What’s Hidden Under Your Property, and What’s It Going to Cost You to Clean It Up?

In April, one of our client’s received unhappy news: the city council of his local municipality voted to pass along to our client nearly $20,000 in clean-up costs related to old fuel storage tanks on our client’s commercial property that were uncovered during road construction. The tanks had sat undetected for almost eighty years. But, once uncovered, they triggered a host of legal and environmental tests and responses.

While underground storage tanks are used for a variety of purposes, the application that most people can identify with would probably be the gas storage tanks under the corner gas station. Leaking underground storage tanks (commonly called “LUST”) contaminate the soil and groundwater to varying degrees and with varying impact on both people and the environment.

While there have been enormous strides in the technology involved in the design, construction and installation of underground storage tanks, it is estimated that Michigan currently has a backlog of 9,100 releases involving 7,100 LUST sites that are in need of clean up. The average clean-up cost is estimated at $400,000 per site, and nearly half of the sites have no identifiable party responsible to pay those costs. In addition to the environmental and human impact, the clean-up costs to Michigan taxpayers to deal with this problem is currently estimated to be $1.8 billion. As with our friends, business owners might find themselves responsible for clean-up costs on their property, even if the contamination predates their ownership of the property.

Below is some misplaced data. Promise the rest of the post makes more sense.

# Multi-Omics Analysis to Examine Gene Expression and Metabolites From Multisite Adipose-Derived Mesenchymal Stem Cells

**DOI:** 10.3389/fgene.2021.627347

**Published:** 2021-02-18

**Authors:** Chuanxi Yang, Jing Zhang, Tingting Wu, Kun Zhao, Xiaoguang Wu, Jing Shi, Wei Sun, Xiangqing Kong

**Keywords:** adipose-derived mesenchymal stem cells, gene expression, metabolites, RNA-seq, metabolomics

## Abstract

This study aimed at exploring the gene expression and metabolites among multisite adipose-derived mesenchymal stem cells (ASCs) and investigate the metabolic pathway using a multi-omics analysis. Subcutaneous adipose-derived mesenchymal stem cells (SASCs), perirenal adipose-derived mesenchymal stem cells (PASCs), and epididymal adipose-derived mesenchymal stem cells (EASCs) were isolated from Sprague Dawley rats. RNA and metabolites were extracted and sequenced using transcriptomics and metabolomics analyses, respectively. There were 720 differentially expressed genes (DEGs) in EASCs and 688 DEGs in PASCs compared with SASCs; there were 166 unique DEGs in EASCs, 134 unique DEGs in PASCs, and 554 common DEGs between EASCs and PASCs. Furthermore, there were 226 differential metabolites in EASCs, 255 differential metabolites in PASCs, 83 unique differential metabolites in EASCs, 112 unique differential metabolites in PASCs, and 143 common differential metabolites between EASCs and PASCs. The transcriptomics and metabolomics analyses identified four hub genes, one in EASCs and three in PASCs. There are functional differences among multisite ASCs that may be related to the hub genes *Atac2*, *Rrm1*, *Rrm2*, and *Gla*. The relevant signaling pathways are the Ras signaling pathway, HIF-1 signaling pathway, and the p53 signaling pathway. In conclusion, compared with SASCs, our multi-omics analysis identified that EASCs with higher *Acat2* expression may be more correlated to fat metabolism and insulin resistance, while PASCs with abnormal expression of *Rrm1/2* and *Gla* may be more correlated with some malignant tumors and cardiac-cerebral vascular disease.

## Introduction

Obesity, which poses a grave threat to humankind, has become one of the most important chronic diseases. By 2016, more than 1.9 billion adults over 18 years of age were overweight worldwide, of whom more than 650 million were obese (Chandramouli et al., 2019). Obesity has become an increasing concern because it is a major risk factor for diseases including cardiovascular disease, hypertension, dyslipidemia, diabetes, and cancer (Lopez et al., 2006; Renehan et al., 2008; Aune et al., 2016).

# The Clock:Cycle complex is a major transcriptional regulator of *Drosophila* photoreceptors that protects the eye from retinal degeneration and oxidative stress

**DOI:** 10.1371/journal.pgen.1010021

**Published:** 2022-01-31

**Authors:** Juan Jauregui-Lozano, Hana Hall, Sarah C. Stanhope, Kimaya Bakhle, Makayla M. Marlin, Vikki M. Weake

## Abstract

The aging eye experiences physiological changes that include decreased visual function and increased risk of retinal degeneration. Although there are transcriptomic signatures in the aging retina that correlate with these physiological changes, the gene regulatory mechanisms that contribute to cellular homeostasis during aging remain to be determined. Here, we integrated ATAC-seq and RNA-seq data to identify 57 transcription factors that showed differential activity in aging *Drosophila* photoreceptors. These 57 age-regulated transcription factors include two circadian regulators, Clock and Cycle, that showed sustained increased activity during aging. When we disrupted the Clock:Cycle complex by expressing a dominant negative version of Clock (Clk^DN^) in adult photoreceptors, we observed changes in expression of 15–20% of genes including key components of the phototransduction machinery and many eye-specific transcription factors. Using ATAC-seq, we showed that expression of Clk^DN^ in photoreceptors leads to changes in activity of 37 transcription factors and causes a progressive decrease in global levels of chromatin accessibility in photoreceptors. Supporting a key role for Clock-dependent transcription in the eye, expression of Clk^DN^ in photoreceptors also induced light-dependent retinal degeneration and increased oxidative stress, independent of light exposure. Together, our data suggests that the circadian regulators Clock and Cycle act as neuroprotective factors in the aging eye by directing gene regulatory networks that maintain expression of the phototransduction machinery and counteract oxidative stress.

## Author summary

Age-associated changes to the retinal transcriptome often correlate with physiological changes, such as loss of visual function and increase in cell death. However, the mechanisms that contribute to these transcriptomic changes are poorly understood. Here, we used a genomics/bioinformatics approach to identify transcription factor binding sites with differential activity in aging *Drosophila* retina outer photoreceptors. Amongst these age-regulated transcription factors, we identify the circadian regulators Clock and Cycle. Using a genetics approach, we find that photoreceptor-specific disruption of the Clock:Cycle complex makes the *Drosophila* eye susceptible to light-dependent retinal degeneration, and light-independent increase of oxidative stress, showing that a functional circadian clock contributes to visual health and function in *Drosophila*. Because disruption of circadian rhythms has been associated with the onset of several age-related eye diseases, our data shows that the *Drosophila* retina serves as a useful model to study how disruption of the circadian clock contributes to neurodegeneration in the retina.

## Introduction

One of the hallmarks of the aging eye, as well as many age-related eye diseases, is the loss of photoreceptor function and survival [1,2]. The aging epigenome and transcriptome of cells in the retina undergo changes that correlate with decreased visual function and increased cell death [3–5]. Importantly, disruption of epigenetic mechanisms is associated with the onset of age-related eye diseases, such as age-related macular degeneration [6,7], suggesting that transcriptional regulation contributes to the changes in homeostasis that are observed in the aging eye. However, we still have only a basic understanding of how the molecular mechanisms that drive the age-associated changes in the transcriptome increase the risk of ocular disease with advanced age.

On May 1, 2012, in culmination of more than five years of work involving both industry professionals and the Michigan Department of Environmental Quality (MDEQ), a six-bill package of laws went into effect amending Michigan’s
laws on this topic.

These amendments create a more consistent process for investigating and cleaning-up LUST sites with the goal of eliminating these sources of contamination. The amendments make a number of important changes to the current regulatory scheme. Changes include: improved technology and methodology of investigations; revised standards and reporting requirements; new guidelines for how disputes between property owners and the MDEQ will be addressed; and prohibitions on the transfer of real property containing contamination unless the seller/owner provides written notice to the buyer that the property is contaminated.

Dealing with LUSTs can be a real headache. Fortunately, the process has become at least a little more manageable. Complete information concerning the MDEQ’s LUST program can be found at: http://www.michigan.gov/deq/0,1607,7-135-3311_4109_4215—,00.html. If you’re curious, the link includes a database of LUST sites throughout the state.